Part one of our coverage of the 40th SF International Film Festival, with
emphasis on the “International”. French movies are the principal reason
journalists require a lot of alcohol to get through film festivals.
Due to the volume of films covered, the Weekly will now provide more
abbreviated reviews with lengthier coverage at the website later in the
[ CLUBBED TO DEATH (France – so it must be good) ] ^ A Girl falls asleep on bus. She wakes up in unfamiliar part of Paris.
She goes to a club, has a series of encounters with different men. She
falls for an Algerian Boxer turned junkie. To win her, he must do
emotional and physical battle with his demons. Like I said, it’s French; big ideas, but spotty execution. Yes, it’s silly and doesn’t make a lot of sense, but gosh, it sure looks good. The boxer, Roschdy Zem, looks like an Algerian Laurence Fishburne, but just buy the soundtrack.
[ HAMSUN (Norway) ] ^ One trend I’ve hated over the last couple of years is the “birth of an ARTIST” movie. “Basketball Diaries”, “Basquiat” and the rest of their ilk, have been some of the most pretentious garbage I’ve sat through in a long time.
With “Hamsun”, we have “the death of an artist”. Knut Hamsun was a poet and writer in Norway (a nation barely able to contain his ego) who won the Nobel Prize for literature in 1920. It’s all downhill from there. Hamsun wrote little after that, though he was seen by his countrymen as the greatest living Norwegian. Unfortunately, he viewed himself the same way, leading to
one colossal downfall. Hamsun and his wife supported Hitler when he invaded
their nation at the onset of World War II. You can imagine the government and the people were none too pleased after it was over.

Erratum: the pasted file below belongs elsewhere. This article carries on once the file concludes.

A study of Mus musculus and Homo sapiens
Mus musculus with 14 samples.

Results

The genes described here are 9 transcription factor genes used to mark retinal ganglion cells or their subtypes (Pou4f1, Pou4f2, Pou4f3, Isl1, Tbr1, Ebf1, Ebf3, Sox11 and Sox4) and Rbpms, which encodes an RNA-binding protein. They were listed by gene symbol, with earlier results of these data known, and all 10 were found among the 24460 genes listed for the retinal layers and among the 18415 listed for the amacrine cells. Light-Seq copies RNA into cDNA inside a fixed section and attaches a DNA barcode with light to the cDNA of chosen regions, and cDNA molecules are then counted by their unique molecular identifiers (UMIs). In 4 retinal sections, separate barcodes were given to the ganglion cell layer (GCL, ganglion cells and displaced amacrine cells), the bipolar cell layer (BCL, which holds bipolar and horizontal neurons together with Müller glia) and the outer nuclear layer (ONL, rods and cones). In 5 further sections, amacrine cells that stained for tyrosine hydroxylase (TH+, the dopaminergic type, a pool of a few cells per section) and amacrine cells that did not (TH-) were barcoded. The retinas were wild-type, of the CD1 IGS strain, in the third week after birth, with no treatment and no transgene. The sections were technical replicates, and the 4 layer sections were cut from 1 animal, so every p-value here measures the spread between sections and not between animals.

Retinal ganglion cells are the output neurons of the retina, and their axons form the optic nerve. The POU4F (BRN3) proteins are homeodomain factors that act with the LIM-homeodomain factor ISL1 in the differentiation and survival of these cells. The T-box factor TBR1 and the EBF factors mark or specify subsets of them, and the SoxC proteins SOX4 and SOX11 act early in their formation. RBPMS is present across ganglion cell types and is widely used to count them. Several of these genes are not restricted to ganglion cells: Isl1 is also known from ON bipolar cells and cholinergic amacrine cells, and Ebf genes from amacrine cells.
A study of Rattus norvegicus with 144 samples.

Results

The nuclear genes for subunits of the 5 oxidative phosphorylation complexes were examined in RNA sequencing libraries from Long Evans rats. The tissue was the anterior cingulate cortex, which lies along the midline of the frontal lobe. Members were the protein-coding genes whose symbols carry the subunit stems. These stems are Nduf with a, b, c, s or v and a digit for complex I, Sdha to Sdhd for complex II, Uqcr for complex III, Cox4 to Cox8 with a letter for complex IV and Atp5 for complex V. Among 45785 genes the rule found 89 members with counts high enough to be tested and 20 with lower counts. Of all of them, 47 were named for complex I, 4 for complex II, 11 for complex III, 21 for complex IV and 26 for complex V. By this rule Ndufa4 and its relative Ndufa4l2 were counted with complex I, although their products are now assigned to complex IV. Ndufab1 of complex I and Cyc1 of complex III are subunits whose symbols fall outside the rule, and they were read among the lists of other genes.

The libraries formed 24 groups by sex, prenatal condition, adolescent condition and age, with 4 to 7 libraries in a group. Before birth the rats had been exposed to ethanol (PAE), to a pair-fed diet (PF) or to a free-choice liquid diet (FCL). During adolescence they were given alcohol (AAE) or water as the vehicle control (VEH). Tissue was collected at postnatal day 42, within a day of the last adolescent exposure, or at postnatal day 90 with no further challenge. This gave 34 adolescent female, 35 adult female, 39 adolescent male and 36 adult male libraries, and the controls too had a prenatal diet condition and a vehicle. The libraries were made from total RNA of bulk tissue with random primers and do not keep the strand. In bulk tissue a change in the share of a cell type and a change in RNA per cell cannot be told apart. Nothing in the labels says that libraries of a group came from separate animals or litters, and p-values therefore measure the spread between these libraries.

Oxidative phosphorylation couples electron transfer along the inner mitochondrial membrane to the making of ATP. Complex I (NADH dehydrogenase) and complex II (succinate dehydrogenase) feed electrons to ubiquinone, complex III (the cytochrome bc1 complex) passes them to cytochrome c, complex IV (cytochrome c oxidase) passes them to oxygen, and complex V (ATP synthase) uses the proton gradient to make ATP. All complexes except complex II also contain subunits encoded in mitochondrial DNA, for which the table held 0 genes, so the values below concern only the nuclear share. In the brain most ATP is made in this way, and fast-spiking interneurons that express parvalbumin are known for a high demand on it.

The film covers the life of the write from 1935, when his marriage hit the skids, to his death at 93 in 1952. “Hamsun” searches for what could have caused such a revered figure into a reviled traitor. Max Von Sydow gives a
performance as the title character that is the best I’ve ever seen from him.
He’s matched by Ghita Norby as his volatile and more maligned wife, Marie.
Beautifully shot and constructed, the movie is totally engaging for the first two thirds. But when the war ends, there’s another hour to go. Any
longer, I’d have gone as crazy as his children. Hamsun states he’s made
an agreement with God to die only when he’s ready. Even after a couple of strokes, he’s apparently just too mean to die.
Most of the film’s a keeper, though. The depiction of Hamsun’s disastrous meeting with Hitler is a masterpiece. But both the real life writer and the film would have been better served by and earlier death.
[ THE RIVER (Taiwan) ] ^ This is a classic story of boy meets girl, boy has head injury, boy accidentally sleeps with father. It’s very well done, but hard to enjoy. This is not exactly what I’d call life affirming. Director Tsai Ming-liang has received a great deal of acclaim for this feature, including the Silver Bear at this year’s Berlin Film Festival. While I appreciate it, I can’t say I really enjoyed it. The film’s depiction of the mundane life in Taiwan is nothing short of remarkable, as well as the downward spiral of the main character, played by Lee Kang-sheng, and his family. It just wore me down, though.
[ WHEN THE CAT’S AWAY (France – Duh!) ] ^ This is a story about a girl who lost her cat. I s-t you not. In her search for her kitty, we meet her zany neighbors in Paris’ Bastille district, and join her on her quest for love. The movie is actually better than it sounds, but the filmmakers don’t know where they’re going with it, so they end it with a slow-motion shot to a Portishead song.